China's broad money supply (M2) in August increased 13.3 percent on-year, according to data released on Friday. This was unchanged from July and a tad higher than Reuters estimates for 13.2 percent, and also maintained the fastest pace of growth since July 2014.
M2 data refers to the entire stock of liquid assets in an economy, such as cash and current account deposits, as well as 'near money' indicators that are less liquid, such as savings deposits and money market mutual funds.
"We have to watch this indicator because if it does continue to expand at this accelerated rate, it could decrease the opportunity for another reserve requirement ratio (RRR) cut," Gavin Parry, managing director of Parry International Trading, told CNBC on Monday.
If money supply in the economy is increasing, it signifies a higher availability of loans for businesses and individuals that in turn will likely boost overall spending and consumption—crucial to Beijing's transformation towards a more consumer-driven economy.
Meanwhile, M1 money supply—a measurement of the most liquid assets that excludes the 'near money' items contained in M2—accelerated to 9.3 percent on year, much faster than expectations and marking a near two-year high, according to Citi.
"The rising M1/M2 ratio if sustainable implies economic activities were improving," Minggao Shen, Citi economist, said in a Monday note, suggesting Beijing may not further stimulate the economy.
Such views are in stark contrast to the majority of analysts, who expect the People's Bank of China (PBoC) to further reduce RRR levels and interest rates in response to weak data released at the weekend. August industrial production and investment growth weakened further, adding to disappointing trade and inflation reports released earlier last week.
"China data last week and on Sunday scream out for decisive monetary easing," Hong Kong-based Reorient Research wrote in a note over the weekend, reflecting what has now become the consensus view.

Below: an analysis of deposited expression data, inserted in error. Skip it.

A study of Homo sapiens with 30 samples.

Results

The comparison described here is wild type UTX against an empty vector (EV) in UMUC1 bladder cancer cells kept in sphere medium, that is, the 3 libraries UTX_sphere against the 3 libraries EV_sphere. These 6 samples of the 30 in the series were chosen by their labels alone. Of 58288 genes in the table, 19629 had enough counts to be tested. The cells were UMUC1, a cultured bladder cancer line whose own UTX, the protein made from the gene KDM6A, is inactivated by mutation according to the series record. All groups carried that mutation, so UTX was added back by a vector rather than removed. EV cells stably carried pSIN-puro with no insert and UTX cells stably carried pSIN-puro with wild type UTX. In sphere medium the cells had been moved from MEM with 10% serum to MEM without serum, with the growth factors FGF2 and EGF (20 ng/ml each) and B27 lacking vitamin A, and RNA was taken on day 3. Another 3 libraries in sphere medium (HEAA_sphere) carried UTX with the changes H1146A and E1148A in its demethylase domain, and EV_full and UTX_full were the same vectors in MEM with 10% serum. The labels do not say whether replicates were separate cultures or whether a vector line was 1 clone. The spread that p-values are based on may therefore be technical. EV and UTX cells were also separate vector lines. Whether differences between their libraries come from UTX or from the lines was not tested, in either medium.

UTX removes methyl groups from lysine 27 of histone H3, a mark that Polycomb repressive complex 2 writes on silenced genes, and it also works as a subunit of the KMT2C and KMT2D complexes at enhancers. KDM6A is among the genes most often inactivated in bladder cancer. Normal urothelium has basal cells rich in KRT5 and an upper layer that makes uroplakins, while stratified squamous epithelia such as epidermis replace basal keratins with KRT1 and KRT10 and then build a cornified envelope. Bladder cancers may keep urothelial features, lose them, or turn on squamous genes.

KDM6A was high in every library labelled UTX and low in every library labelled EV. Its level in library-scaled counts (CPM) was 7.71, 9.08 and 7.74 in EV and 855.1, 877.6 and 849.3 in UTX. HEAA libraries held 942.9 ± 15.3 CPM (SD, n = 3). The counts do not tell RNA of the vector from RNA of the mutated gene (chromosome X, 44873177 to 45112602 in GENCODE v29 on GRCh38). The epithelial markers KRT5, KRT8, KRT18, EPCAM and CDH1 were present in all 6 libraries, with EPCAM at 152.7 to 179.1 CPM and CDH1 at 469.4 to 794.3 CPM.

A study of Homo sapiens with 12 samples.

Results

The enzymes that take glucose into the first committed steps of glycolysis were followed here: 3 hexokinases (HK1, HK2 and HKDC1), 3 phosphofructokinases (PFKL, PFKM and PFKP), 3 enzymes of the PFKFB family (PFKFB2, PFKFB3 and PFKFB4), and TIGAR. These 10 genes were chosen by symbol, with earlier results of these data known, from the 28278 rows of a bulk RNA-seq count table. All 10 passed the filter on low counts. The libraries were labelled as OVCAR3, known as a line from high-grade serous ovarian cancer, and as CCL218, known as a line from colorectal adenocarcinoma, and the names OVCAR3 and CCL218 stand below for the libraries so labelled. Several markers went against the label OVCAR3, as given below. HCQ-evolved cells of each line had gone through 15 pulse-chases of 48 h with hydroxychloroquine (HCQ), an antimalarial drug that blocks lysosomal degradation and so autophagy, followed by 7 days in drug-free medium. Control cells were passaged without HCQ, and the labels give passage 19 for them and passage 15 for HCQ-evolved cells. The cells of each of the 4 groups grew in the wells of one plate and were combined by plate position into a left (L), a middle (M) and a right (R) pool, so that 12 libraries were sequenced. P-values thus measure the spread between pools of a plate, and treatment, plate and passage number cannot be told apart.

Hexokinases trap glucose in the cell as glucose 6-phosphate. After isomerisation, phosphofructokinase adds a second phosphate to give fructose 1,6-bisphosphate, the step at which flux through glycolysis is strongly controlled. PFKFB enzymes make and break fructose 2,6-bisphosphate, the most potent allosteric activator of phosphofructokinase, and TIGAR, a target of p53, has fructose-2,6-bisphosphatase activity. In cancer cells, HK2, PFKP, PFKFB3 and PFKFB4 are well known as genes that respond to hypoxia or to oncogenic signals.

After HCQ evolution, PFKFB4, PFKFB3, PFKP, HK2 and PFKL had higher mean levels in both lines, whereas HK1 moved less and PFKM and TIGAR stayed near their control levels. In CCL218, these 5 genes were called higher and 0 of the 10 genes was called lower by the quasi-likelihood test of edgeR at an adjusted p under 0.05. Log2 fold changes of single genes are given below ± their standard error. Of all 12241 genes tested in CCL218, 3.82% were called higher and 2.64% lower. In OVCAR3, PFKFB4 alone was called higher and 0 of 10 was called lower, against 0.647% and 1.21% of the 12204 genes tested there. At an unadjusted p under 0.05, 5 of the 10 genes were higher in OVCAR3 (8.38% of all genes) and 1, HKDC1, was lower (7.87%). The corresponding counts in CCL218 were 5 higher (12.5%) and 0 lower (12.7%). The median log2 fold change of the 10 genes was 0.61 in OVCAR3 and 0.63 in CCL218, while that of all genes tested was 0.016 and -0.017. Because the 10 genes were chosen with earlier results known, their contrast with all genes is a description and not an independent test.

The PBoC has already lowered interest rate five times since November and repeatedly relaxed reserve requirements for banks.
But not everyone is buying into the 'more-stimulus-is-coming' theory.
"Lending to the real economy is now at its highest since the middle of last year, so actually a lot of the leading indicators are pointing to a rebound for the remainder of this year," Julian Evans-Pritchard, China economist at Capital Economics, told CNBC, referring to the money supply data.
Overall lending growth did fall last month, with Chinese banks recording a smaller-than-expected $12 billion in new loans. But Evans-Pritchard attributed that to the diminishing effects of the government's stock market rescue package that boosted lending to financial institutions.
He pointed to other upbeat indicators such as credit growth that suggest China's economic situation isn't as bad as broadly thought. Total social financing (TSF), a broad measure of new credit that includes shadow banking loans, rose to $169 billion in August, significantly higher than $112 billion in July.
"It's a good sign that will ease short-term growth concerns...We don't buy into the doom and gloom story in China."
Parry, of Parry International Trading, identified another positive statistic that could further quash hopes for more stimulus.
New consumer mortgage loans increased 51 percent [last month] so we are seeing more activity back into the property side of things, he explained.
"The third consecutive month of 50 percent-ish growth [in mortgage loans] is a hopeful sign for an eventual turnaround in housing starts," agreed Tim Condon, head of research at ING.